Even though it is illegal, eliminating midlife workers has become a tacit business practice, putting the middle-aged in a difficult position
What is being under-reported in the official unemployment numbers is that being "too old" is a disastrous trend, extending over decades but worsened by the ongoing economic crisis. Losing midlife people from the workforce has dire consequences, and not only for them. It ruins the expectations of the young. It shreds the American dream of making progress over the life course.
Eliminating midlife workers, although illegal, has become a tacit business practice. According to one typical case that went to trial, an employer says, "We need young blood"; then employees over forty get fired (PDF). It's not just affecting the bluest of blue-collar workers, but also professionals and managers. Younger people are not only cheaper, but also less likely to remember what decent hours and wages and security were like. The number of age discrimination cases has risen almost every year since 1997, from under 16,000 people to 24,600 in 2008, according to the government's own data. An AARP litigator, Laurie McCann, believes the numbers represent only the tip of the iceberg.
Congress starves the Equal Employment Opportunity Commission, leaving understaffed investigators unable to do their jobs.
Women suffer from age discrimination in their forties, ten years younger than men. Ironically, such women are the first cohorts to become higher-level professionals in large numbers as they get older.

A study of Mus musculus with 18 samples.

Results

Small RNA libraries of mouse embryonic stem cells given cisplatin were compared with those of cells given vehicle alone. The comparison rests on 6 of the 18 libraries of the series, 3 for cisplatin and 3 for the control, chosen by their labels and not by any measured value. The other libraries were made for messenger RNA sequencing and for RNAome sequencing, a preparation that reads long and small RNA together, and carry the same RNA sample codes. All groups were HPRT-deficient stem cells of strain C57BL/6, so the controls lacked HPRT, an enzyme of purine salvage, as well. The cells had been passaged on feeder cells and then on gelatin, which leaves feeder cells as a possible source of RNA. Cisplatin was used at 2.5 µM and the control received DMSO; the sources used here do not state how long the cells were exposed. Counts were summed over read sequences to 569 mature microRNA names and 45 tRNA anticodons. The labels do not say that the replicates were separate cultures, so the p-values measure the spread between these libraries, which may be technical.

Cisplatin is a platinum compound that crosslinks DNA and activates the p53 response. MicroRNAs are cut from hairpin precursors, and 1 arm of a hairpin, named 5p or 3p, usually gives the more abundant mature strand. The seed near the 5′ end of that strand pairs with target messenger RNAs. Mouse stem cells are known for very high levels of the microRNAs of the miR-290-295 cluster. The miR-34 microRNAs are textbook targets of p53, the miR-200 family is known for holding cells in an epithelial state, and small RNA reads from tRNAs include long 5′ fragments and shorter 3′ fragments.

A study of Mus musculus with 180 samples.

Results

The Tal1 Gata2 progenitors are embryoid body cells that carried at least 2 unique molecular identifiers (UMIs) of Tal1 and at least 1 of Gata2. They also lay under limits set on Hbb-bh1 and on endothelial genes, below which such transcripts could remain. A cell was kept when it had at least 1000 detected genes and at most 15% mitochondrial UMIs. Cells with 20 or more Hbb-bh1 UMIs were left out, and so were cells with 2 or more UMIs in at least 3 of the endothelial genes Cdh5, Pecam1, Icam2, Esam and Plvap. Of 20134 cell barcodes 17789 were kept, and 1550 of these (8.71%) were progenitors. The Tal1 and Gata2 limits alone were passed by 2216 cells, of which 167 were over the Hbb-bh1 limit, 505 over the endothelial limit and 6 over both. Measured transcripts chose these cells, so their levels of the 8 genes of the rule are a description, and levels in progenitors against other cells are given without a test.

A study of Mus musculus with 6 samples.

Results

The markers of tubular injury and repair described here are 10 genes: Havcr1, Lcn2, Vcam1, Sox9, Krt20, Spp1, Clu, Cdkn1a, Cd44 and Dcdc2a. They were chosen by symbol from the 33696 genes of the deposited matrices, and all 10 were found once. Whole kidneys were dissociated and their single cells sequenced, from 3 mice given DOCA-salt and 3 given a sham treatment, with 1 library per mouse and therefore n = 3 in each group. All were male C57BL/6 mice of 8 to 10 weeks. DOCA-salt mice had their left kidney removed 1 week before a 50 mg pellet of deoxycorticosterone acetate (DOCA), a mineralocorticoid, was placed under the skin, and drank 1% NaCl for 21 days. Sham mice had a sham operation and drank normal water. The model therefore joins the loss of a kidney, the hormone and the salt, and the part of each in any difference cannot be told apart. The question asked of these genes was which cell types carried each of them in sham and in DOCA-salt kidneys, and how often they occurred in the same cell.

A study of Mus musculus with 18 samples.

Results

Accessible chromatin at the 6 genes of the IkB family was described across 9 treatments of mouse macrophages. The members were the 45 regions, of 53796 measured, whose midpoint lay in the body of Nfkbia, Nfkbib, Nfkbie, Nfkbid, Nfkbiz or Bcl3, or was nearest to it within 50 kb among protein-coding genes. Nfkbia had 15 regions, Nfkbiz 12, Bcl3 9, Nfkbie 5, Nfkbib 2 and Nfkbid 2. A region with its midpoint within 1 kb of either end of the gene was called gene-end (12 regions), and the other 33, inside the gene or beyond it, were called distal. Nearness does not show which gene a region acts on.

Two years ago I got a distressing email from a friend who had learned computer skills in her fifties to start a second career. She couldn't find a job.
"I was interviewed only twice. Friends say my age is a main factor. What 36-year-old director of anything wants an assistant who is as old as her own mother? This has been truly depressing. Every application is an act of hope but I have been deflated so often, my pride bruised and my student loan still looms. I had not anticipated this problem. That was naive...."
She's still looking.
Many people have no idea how likely they are to lose out because of age -- which means they blame themselves rather than American middle ageism.
Among the unemployed over 45, half have been out of work "long term" -- more than six months. After 54, it gets worse. In February 2010, only 23.3 percent of youths had been unemployed for 27 weeks or longer compared with 39.4 percent of "older" workers.
People who lose jobs at midlife typically earn much less afterward. Boomers -- so often touted as privileged -- have a ten percent poverty rate between the ages of 40 and 50, when they should be approximating their peak wage.
People who are long unemployed can lose homes. Sex life ends. Families disintegrate. Parents fear becoming dependent on adult offspring in old age. Some midlife adults move in with their elderly parents.